5 April 2013

Leonardo da Vinci’s Aerial Screw — nascent helicopter?

As we all know, Leonardo was a visionary beyond all measure. He also sketched what is often credited with the first concept of the helicopter in 1480, though the Chinese had been playing with rotor blades as toys since 400 BCE — they were called bamboo dragonflies or zhuqingting (竹蜻蜓). 

Model of the da Vinci Aerial Screw in the Hiller Aviation Museum — photo by Joseph May

The aerial screw did not get beyond the design stage and looks much like a reconsidered Archimedes screw (an early water lifting device). Power was envisioned to be provided by as many as four men turning a crank which would rotate the device — literally working as a screw. Unlike the bamboo dragonflies, which essentially autorotate, the aerial screw would have run into a problem since it did not have an antitorque mechanism — which would have to wait until the 20th Century and the first successful helicopter flights (see comment below) — such is the nature of pioneering.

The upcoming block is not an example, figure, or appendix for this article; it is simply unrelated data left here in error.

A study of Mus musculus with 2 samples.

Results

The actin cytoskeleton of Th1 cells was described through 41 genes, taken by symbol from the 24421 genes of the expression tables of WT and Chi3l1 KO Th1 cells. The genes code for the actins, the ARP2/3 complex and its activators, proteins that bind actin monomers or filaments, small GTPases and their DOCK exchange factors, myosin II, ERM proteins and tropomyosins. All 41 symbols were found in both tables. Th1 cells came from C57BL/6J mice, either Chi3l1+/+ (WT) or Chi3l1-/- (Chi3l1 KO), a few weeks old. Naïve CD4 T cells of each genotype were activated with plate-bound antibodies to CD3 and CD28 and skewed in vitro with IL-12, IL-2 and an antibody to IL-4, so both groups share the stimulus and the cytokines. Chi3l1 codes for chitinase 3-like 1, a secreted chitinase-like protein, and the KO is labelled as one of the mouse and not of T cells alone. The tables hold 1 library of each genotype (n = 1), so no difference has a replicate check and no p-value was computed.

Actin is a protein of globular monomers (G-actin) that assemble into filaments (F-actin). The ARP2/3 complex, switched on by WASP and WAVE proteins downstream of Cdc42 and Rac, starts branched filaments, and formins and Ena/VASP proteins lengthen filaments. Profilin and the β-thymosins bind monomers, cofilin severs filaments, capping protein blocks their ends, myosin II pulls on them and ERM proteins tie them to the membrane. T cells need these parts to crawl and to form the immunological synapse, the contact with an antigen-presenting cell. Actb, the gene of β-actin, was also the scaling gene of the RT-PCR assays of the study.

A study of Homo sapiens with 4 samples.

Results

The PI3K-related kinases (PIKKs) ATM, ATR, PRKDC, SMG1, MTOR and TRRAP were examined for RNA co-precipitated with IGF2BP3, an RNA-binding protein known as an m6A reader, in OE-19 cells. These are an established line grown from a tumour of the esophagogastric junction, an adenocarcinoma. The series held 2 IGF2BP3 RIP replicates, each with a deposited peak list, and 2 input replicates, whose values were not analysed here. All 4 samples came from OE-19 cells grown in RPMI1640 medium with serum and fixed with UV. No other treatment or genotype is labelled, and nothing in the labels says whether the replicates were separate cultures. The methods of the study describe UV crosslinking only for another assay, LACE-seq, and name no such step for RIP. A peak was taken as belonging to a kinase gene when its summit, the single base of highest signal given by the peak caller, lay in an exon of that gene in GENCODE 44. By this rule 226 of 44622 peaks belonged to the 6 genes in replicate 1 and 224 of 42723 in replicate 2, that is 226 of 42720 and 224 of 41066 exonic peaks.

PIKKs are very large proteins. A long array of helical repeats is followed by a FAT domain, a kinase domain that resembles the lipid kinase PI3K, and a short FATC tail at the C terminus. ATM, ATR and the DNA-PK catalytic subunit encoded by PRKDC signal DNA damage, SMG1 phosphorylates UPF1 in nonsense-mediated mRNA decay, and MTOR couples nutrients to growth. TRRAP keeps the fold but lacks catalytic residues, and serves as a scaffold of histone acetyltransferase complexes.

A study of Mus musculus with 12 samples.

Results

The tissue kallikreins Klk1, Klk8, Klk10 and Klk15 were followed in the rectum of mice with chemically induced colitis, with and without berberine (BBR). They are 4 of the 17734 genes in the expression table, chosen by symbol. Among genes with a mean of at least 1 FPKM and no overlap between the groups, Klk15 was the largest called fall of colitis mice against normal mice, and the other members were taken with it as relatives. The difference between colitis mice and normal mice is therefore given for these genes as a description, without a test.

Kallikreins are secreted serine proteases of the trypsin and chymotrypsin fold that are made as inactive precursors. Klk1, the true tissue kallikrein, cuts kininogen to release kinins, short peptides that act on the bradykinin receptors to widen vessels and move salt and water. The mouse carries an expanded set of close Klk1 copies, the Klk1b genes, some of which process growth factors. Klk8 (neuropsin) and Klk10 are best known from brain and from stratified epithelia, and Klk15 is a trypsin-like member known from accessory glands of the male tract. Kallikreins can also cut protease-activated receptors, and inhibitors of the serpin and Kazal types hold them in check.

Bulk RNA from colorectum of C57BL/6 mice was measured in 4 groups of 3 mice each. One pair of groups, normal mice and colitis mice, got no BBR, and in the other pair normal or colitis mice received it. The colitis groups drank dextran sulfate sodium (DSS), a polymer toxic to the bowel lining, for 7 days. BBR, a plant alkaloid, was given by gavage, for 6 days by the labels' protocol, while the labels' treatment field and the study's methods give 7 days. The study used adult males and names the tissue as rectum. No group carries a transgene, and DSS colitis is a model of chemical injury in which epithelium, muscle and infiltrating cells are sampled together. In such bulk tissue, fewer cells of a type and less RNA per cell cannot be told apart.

2 Comments leave one →
  1. Ed G permalink
    5 April 2013 11:42

    Sorry… but the first helicopter flight was well before 1940! There were a couple of French flights by Breguet and Cornu around 1906-1907 and it took years to sort out the stability and control issues before the first practical helicopters took flight in the mid- to late-1930s, notably the Focke-Wulf Fw 61 in Germany. Sikorsky pioneered the single main rotor with anti-torque tail rotor with the VS-300 which first flew in 1940.

    • travelforaircraft permalink
      6 April 2013 09:21

      Right you are and thanks for this 🙂 I have edited the post to emend my error — thanks again.